Our History

FTC banner 100 years - Protecting America's Consumers

The Federal Trade Commission was created on September 26, 1914, when President Woodrow Wilson signed the Federal Trade Commission Act into law. The FTC opened its doors on March 16, 1915. The FTC's mission is to protect consumers and promote competition. As the FTC celebrates its 100th anniversary, our thoughts turn to its unique mission, significant events in Commission history, and its staff, stakeholders and constituents – present and past. On January 12, 2015, President Barack Obama visited the Commission, the first presidential visit to the Commission since 1937.

FTC Moments Our SealFireside chat video

Centennial Blog Series

A Bibliography of FTC History

To commemorate the 100th anniversary of the Commission, a special bibliography was created to compile important public sources on the FTC’s history.

Explore the Bibliography

Our Building

The FTC established its headquarters at 600 Pennsylvania Avenue, N.W., with President Franklin D. Roosevelt laying the cornerstone himself. 

Roosevelt remarked, “May this permanent home of the Federal Trade Commission stand for all time as a symbol of the purpose of the government to insist on a greater application of the golden rule to conduct the corporation and business enterprises in their relationship to the body politic.” Listen to FDR’s speech.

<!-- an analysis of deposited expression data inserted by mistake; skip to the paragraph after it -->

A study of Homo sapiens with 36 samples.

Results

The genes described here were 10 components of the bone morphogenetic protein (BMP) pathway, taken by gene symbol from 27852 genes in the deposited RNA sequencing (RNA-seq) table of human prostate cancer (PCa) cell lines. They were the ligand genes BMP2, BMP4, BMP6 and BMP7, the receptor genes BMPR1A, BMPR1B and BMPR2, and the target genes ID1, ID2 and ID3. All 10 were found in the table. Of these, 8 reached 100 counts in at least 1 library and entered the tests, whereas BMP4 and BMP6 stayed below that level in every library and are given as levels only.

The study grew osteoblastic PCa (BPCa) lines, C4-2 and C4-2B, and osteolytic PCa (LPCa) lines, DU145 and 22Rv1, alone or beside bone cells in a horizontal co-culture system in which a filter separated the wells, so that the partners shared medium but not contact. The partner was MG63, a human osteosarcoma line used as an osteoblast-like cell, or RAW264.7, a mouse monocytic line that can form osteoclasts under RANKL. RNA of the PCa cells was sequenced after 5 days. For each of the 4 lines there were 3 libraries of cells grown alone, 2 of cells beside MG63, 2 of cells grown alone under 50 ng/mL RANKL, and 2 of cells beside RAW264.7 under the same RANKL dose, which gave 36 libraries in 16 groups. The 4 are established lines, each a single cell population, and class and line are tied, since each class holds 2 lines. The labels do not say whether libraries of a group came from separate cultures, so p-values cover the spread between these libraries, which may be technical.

The building which is particularly known for its two art deco style statues, called “ Man Controlling Trade,” is located at the apex of the Federal Triangle, and was the culmination of the massive Depression-era government building project.  Commissioners and staff officially moved in on April 21, 1938, and the building continues to function as the FTC’s headquarters, serving the agency’s adjudicative, executive, policy, and administrative functions.

Our Predecessor: The Bureau of Corporations

Under legislation sought by President Theodore Roosevelt, the FTC's predecessor, the Bureau of Corporations, was created on February 14, 1903. To commemorate the 100th anniversary of that event, the Bureau of Economics held a roundtable on September 4, 2003. More information about the roundtable, including a transcript, is available.